Explosion at test firing site causes $1 million in damages


By Roger Snodgrass

An unusually loud noise after an explosive experiment at a firing site at Los Alamos National Laboratory at about 3:10 p.m. on Dec. 16 alerted researchers to a possible safety problem.

According to an occurrence report obtained by the Project on Government Oversight, the researchers involved in a large-bore powder gunshot waited about 20 minutes before they left a neighboring bunker and went out to see what happened.

They discovered “that two doors had been blown off the facility and concrete shielding blocks on the west and east side of the building were separated from the wall,” according to the report. No personal injuries were reported from the accident.

Pieces of the gun that had been tested were found on the asphalt outside the building.

The accident was later provisionally categorized as a safety event with a Category 2 significance. Under the DOE emergency management system, category 2 denotes an event with a “moderate impact” on the facility.

In a prepared statement Wednesday, a National Nuclear Security Administration spokesperson, Damien LaVera, said the accident occurred during “a standard proof test on a new design for a catch tank in the target chamber for one of our large bore powder guns,” and was part of a routine experiment that resulted in “unexpected explosive damage.”

An investigation was triggered, he added, because the resulting damage could exceed $1 million.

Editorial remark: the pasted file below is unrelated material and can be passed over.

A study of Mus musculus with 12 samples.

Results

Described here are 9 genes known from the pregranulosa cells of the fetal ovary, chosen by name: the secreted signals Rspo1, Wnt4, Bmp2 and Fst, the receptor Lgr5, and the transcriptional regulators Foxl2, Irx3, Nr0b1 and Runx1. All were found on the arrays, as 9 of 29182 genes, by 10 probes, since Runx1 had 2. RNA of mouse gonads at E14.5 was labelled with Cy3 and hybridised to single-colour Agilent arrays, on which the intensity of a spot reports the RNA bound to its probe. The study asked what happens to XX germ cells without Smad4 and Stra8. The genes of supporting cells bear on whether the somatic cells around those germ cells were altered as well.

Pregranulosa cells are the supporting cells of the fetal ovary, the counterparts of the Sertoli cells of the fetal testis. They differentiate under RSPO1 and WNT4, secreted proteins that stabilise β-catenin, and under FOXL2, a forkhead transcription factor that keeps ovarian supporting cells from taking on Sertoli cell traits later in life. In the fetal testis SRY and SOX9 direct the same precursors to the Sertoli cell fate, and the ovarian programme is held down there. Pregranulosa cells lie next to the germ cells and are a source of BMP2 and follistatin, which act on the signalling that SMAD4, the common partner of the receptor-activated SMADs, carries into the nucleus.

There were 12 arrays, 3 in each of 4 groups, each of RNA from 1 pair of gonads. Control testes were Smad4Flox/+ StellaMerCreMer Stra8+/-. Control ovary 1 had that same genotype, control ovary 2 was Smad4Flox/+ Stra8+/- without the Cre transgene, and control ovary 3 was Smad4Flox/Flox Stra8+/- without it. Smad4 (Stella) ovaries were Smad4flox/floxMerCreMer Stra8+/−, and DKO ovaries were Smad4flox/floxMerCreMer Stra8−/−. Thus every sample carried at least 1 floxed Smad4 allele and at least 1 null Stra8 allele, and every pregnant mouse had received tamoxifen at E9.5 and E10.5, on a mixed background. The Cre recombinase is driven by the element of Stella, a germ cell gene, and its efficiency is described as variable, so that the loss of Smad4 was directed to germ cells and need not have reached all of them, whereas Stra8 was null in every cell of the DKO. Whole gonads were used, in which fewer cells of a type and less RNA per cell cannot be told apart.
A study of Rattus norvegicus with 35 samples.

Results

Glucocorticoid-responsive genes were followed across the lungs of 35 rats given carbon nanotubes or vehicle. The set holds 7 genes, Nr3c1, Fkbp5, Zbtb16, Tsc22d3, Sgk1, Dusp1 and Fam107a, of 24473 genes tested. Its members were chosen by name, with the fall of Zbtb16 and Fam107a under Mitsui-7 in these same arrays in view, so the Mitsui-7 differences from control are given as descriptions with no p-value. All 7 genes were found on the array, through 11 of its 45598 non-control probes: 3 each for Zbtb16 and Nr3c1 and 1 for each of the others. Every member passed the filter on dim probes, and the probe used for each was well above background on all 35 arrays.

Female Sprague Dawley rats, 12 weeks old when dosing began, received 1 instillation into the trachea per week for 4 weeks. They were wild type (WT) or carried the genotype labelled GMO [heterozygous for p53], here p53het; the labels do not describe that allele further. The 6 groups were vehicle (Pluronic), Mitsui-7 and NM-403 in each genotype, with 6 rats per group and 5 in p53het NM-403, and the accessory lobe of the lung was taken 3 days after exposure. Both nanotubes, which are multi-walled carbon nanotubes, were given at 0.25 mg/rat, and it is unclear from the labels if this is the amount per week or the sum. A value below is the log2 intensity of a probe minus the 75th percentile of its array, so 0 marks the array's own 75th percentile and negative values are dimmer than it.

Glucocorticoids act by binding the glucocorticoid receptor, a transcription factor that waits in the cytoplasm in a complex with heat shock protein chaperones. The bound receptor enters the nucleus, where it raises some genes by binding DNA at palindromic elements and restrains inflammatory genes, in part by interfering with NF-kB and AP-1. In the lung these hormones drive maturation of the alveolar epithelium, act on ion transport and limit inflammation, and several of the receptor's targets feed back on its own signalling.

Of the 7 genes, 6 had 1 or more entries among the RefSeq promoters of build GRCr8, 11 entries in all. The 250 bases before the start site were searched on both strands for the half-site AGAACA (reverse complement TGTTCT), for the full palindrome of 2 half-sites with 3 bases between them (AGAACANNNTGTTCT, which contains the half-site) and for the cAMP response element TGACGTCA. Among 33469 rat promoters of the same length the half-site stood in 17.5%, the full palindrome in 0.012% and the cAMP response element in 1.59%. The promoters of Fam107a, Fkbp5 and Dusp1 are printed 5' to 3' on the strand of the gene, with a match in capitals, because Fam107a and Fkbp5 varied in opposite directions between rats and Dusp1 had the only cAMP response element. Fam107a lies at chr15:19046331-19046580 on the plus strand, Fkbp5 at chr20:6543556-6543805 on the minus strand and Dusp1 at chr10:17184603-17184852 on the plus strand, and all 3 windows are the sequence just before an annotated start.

That investigation is ongoing and is expected to determine by next month the extent of the damages and identify corrective actions that may be necessary.

In releasing the report, POGO said its sources estimated the damage to the property “at over $3 million.”

Kevin Roark, a LANL spokesperson said, “We’re hopeful we will be below the $1 million level.”

He said the structure was

something less than a building

“It’s really just an outdoor firing site, constructed from moveable concrete blocks used as blast barriers and a rudimentary metal roof to keep the weather out,” he said.

He said the gun was not damaged, but rather the catch vessel or target chamber, which captures all the byproducts from the shot.

“It was breached; it was over pressured, and that was unexpected,” Roark said, which accounted for the unusually loud noise.

“No personnel were injured from this event, no hazardous or radioactive materials were involved, and the lab’s incident response mechanisms appear to have performed as

intended,” LaVera said in the statement from Washington.